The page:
My photo albums (non-existent, except on my computer) are surprisingly devoid of photos of the kids with Santa. The reason is simple. I did it once. The son screamed bloody hell after a few moments of looking utterly terrified.
I never really tried it again.
Red suit, big beard, or horrifying halitosis, for some reason, the son took umbrage to Santa that year. He was nearly two and two is a fairly impressionable age. And the dude, though pleasant, had the worst case of bad breath I've ever encountered, and I wasn't even that close to him. It was enough to scare me.
Naturally, the whole thing was my mother-in-law's idea, but I agreed with no hesitation. The Santa visit was one of the staples of my childhood, though without all of today's photo packages. There were no photos, in fact, unless one's parent took one, and when we went to see Santa down at local mall, the real prize was receiving a candy cane. It was just a fun and silly event, an excuse to get out of the house, and an opportunity to enjoy the decorations in the department stores.
Shortly after the son was born, my MIL instituted Wednesday lunch. She often met up with some of her friends for lunch at the Bullocks' tea room, and she wanted to show off her latest grandchild, so the son and I were invited along one afternoon.
(Okay, I'm back. I got distracted reading about department store history in Southern California. There is a building near the daughter's school that I recently realized used to be a department store; I was wandering around and I was actually looking at the buildings, and of course, the old display windows were still evident in what now houses social services offices. I've just discovered it was a Buffums, an old high-end, family-owned department store chain that I believe is now defunct. Not that this has anything to do with the post I'm writing.)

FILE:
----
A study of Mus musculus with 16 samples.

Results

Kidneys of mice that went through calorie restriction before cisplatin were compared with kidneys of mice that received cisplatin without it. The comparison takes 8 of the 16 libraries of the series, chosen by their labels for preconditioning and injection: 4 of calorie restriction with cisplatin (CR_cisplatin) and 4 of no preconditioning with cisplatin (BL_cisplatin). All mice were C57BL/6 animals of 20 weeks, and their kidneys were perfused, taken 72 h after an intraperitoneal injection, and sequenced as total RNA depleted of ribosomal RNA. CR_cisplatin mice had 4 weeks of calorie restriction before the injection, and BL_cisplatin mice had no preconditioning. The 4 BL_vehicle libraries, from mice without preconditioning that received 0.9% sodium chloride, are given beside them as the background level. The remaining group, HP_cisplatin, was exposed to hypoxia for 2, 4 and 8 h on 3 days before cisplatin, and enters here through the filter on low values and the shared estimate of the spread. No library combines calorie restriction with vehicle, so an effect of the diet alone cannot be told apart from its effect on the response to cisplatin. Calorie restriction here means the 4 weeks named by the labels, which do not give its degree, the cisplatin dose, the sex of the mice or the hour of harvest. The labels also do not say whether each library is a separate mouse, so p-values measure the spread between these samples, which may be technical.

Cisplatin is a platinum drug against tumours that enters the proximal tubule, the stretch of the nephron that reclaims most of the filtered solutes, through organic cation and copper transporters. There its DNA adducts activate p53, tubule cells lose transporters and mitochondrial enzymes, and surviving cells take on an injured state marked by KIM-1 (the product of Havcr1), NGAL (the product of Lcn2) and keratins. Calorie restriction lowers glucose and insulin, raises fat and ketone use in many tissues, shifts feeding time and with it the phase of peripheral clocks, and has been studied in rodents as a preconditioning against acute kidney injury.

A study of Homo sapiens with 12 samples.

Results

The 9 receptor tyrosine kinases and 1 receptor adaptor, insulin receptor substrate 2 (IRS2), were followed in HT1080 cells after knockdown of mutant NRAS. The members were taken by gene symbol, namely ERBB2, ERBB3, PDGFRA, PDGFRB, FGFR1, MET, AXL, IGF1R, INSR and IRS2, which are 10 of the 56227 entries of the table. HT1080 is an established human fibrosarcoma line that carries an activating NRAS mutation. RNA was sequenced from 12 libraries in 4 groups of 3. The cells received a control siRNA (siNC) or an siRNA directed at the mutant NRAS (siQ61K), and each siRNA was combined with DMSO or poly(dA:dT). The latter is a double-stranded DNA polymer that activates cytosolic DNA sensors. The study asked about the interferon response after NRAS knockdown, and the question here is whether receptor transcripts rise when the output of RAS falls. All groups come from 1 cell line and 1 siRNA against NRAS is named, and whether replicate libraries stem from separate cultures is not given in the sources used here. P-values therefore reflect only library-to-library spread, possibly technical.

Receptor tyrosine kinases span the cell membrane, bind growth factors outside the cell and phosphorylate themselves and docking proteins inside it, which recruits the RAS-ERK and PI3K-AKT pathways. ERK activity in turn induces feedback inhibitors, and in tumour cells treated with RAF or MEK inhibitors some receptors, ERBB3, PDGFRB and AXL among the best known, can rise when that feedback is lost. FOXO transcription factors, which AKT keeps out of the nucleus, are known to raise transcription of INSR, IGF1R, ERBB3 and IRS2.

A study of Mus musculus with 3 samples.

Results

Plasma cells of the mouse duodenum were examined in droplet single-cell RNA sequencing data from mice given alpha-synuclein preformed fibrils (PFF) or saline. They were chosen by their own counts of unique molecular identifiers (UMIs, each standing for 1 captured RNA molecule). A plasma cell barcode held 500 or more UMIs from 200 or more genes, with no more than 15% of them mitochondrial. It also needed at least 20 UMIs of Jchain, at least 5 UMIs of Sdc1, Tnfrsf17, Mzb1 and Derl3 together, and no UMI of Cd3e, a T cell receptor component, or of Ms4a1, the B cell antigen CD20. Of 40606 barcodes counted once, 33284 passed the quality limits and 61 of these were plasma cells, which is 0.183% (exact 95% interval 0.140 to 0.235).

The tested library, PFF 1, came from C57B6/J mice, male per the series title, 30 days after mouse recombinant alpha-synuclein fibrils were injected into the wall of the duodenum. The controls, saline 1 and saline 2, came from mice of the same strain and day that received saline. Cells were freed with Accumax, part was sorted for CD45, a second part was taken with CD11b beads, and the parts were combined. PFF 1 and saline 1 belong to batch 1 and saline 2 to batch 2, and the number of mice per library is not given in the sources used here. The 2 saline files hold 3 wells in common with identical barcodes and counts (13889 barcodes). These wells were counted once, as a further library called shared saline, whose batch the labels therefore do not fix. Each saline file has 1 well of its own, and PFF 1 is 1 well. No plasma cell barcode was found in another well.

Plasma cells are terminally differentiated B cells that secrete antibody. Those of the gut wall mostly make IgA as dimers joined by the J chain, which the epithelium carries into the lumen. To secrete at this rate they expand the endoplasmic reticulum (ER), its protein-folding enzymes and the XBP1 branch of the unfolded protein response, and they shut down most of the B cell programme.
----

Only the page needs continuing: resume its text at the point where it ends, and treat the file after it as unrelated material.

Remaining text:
Evidently, she enjoyed the lunch--I am well-mannered and the son is entertaining--and invited us again. It became an outing that she and I would embark upon every couple of weeks. Lunch evolved into lunch and a little shopping, and naturally, when the holidays rolled around, Santa figured in.
The photo shows the son straining away from Santa. It was before he began bellowing.
"That man smells so bad!" my MIL murmured to me after I retrieved my red-faced and tucked him back into his stroller. "No wonder the boy didn't want to sit on his lap."
By the following year, I was expecting the daughter and because of complications, I was supposed to rest, so there were few lunches and no trip to see Santa. In later years around the holidays, I'd suggest that we might go and have a chat with the Man in Red, but the kids would look at me and shake their heads violently in the negative. Receiving a candy cane at brunch at the Athenaeum from Santa was about their speed--he traversed the dining rooms with a basket of candy and offered greetings to everyone--but they would decline to have a photo taken with him when he was holding court in front of the Ath's tree.
Thus, my photo albums are devoid of photos of the kids with Santa.
And through the years, when they watch A Christmas Story, and Santa pushes Ralphie down the slide with his foot yelling "HO HO HO!" the kids point to screen and say, "See, Mom? See?" as if the proof for their years of refusal is right there.
Go listen to some music: "Santa Claus is Coming to Town" was written by John Frederick Coots and Haven Gillespie and is sung by everyone.